Sex is a little intimidating. Whether you're a total dynamo or a bit reserved, every single one of us stresses over screwing something up. We don't want to make our partner feel inadequate, we don't want to say the wrong thing, we don't want to be needy. This creates a rather charged situation.
Instead of freaking yourself out, which will definitely not lead to more orgasms, always avoid saying these things during sex. Well, you can say pretty much anything—it's more about how you frame it. Is anything straightforward when it comes to sex? Not really.
So, make sure to avoid these five verbal booby traps for better, hotter sex. You've got this, champ.
1. Talking about a sex thing you don't actually want your partner to do
OK, so this may sound a little bit tricky, but it actually is not that complicated. When you're in the heat of the moment, talking dirty to your partner, don't tell him or her to do something to your body that you don't want to have done to your body. For example, if you like the sound of something like putting a finger in your butt, but don't want them to go ahead and try that right now, maybe don't mention it during sex. Talk about it later if you want!
When you're dirty talking via text, phone, or some other form of non-interpersonal communication, you can discuss these turn-ons as a sex scene. Dirty talk is a fantasy; you may say things that you don't actually mean. The key is avoiding them during real life sexual acts. Why? Because your partner may misinterpret a dirty fantasy for something you want him or her to physically do. This can get weird, fast.
Now, if you DO want them to stick that finger in your rear—go for it! More power to you.
2. Household chores you forgot to do (and other annoying BS)
Things you should say during sex: "Your [insert slang for penis] is so big, you're so wet, I'm so wet, that feels amazing" etc.
Things you should not say: "Did I feed the dog? Did you do the dishes?" etc.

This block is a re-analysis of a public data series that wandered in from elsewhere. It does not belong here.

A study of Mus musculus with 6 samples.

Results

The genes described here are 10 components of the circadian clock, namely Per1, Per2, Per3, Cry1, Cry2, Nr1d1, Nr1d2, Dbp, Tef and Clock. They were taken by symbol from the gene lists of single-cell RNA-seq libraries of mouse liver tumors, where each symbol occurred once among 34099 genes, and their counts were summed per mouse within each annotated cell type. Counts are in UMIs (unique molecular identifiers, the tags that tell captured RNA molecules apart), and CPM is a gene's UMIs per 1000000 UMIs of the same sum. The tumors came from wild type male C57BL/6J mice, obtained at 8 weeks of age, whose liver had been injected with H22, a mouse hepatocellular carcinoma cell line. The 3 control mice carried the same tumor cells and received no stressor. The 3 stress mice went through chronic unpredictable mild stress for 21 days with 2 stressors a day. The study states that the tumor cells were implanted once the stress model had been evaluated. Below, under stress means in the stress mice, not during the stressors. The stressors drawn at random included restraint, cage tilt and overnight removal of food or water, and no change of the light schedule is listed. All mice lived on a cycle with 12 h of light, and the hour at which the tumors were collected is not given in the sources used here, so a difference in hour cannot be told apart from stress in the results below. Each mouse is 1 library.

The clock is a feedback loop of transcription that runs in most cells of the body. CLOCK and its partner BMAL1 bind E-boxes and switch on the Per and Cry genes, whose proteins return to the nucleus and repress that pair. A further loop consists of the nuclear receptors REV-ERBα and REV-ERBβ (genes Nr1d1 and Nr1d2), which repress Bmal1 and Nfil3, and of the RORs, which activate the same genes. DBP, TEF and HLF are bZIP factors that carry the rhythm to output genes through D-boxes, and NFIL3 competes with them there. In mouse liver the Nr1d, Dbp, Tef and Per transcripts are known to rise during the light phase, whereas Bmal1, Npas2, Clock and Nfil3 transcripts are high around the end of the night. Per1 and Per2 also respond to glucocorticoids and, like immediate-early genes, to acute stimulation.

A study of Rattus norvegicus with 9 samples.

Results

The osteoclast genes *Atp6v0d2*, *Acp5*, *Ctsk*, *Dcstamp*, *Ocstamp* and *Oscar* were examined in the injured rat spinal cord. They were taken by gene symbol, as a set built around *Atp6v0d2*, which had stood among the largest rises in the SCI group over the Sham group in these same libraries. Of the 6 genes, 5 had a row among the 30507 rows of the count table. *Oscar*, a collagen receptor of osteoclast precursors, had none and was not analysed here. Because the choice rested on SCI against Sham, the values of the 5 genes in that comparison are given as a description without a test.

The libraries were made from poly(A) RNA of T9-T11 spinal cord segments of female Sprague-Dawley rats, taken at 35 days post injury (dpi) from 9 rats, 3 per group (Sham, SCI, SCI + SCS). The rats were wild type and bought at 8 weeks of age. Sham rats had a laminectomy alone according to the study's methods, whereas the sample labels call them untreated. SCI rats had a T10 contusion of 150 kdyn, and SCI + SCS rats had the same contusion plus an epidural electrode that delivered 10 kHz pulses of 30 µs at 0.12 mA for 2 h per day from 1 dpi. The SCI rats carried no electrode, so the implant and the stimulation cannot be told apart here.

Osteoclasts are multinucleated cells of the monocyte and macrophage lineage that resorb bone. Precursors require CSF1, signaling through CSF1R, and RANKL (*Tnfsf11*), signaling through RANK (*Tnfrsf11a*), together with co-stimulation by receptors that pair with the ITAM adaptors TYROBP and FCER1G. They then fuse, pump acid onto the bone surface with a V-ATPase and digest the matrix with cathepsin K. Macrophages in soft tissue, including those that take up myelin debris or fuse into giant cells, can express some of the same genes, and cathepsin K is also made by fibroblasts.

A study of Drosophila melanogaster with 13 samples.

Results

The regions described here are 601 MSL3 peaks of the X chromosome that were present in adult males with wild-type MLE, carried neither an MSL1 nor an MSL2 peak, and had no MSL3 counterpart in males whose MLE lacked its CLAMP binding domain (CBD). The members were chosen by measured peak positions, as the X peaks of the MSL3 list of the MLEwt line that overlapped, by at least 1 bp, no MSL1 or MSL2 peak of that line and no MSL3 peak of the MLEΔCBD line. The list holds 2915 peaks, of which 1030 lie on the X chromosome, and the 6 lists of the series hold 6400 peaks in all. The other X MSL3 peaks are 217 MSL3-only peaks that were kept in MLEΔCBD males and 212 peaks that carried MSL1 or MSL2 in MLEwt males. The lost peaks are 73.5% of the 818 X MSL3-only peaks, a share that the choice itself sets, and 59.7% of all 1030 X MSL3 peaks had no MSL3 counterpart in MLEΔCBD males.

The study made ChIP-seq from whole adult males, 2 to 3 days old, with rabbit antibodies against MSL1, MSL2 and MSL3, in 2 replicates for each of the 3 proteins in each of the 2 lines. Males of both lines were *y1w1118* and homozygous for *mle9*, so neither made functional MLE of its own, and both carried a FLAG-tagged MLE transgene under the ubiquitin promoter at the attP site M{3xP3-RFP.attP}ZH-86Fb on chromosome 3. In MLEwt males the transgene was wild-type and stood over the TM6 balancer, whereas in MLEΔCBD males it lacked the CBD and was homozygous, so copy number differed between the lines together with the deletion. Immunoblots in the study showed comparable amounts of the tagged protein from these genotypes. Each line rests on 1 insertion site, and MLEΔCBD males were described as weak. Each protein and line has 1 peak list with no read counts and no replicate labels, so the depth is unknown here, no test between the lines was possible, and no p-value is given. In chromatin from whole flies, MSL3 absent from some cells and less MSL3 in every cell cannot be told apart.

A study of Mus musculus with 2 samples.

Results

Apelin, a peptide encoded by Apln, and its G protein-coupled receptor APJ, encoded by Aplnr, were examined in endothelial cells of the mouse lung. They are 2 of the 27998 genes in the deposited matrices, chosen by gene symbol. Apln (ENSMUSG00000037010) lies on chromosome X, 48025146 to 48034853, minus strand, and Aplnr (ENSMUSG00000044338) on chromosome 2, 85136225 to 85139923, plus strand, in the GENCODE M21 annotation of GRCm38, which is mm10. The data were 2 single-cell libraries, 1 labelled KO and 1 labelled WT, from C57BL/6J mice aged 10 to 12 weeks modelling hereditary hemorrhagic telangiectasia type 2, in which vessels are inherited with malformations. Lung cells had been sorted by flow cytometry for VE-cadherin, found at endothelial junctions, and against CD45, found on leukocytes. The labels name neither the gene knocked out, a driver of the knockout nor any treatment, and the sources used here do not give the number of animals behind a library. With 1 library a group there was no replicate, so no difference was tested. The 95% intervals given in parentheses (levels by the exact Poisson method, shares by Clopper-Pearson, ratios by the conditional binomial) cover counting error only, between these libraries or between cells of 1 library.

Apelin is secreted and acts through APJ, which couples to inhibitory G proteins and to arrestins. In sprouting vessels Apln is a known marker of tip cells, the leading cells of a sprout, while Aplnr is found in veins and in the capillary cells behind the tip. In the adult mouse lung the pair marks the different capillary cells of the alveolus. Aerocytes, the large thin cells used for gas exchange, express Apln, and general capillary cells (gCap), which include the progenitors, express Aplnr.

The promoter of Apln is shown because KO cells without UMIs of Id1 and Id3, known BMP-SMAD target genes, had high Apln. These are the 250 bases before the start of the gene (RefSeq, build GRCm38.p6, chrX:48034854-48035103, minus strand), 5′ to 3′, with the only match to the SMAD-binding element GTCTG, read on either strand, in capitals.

Dr. Kat Van Kirk tells Brides that when it comes to bedroom banter, it's best to avoid discussing the piles of laundry stacking up outside the bedroom door. "Avoid mundane discussions about the kids or to-do lists," she says. "Your private, sexy time should be a sanctuary from all of that." Stick to the right script, she says, by staying present. "If you focus on the moment and sensations, you are less likely to get distracted by other thoughts," Van Kirk explains. "Plus, the more present and positive you can keep your verbalizations, the better it will be for you and your partner."
There is a time and a place for chatting about household chores, but perhaps it is not when your partner is inside of you or with his or her head between your legs. Ya know?
3. Pretending something is working when it isn't working
Do not fake orgasms and do not pretend something feels good if it doesn't. If you partner is wildly thrusting away, ignoring your clitoris, and gyrating on top of you, don't fake moan and say, "Yeah, that feels amazing!" It does not feel amazing.
Obviously bruising an ego is not ideal. We want to keep bedroom talk light and affirmative. Instead of saying, "This isn't working," go for, "Hey, babe. Can you rub my clit while you're doing that. You're so sexy." Make your partner feel good about his or herself while getting what you want out of the situation. If you set up a set of standards wherein your partner thinks you like a bunch of stuff you don't like, you're going to find yourself miserable in bed. In the end, you're responsible for your own orgasm. Make it happen.
4. Something rude about how your partner looks
Always remind your partner how hot he or she is. We all need to hear it.
The bedroom is a great place to let him or her know she is sexy AF and you are INTO IT. On that note, don't be critical of how they look. It's rude and it certainly will not make him or her continue to have sex with you.
"Don't be critical of the way your lover looks. Saying such things can not only be a buzz-kill, but can be hurtful to your partner," says Van Kirk. Your partner is a hot POA. Focus on all the aspects of his or her body that turn you on. In the same vein, don't allow your partner to say disparaging things about the way you look either. This is very unhealthy and does not make for a simmering sex life.
5. Negative relationship issues
Having open and honest conversations with your partner about everything that is upsetting you is a crucial component of a happy marriage. Communication is key.
Another crucial component is knowing when you have these discussions. During sex? Maybe not the best time to tell your partner you're insecure about his or her work-wife friendship. Maybe this isn't the ideal moment to tell him or her that you've been feeling emotionally neglected lately. These are important topics, just not for right now.
Respect the time you have in the bedroom. Infuse these moments with love and intimacy. "Allow the time to be sacred," Van Kirk says.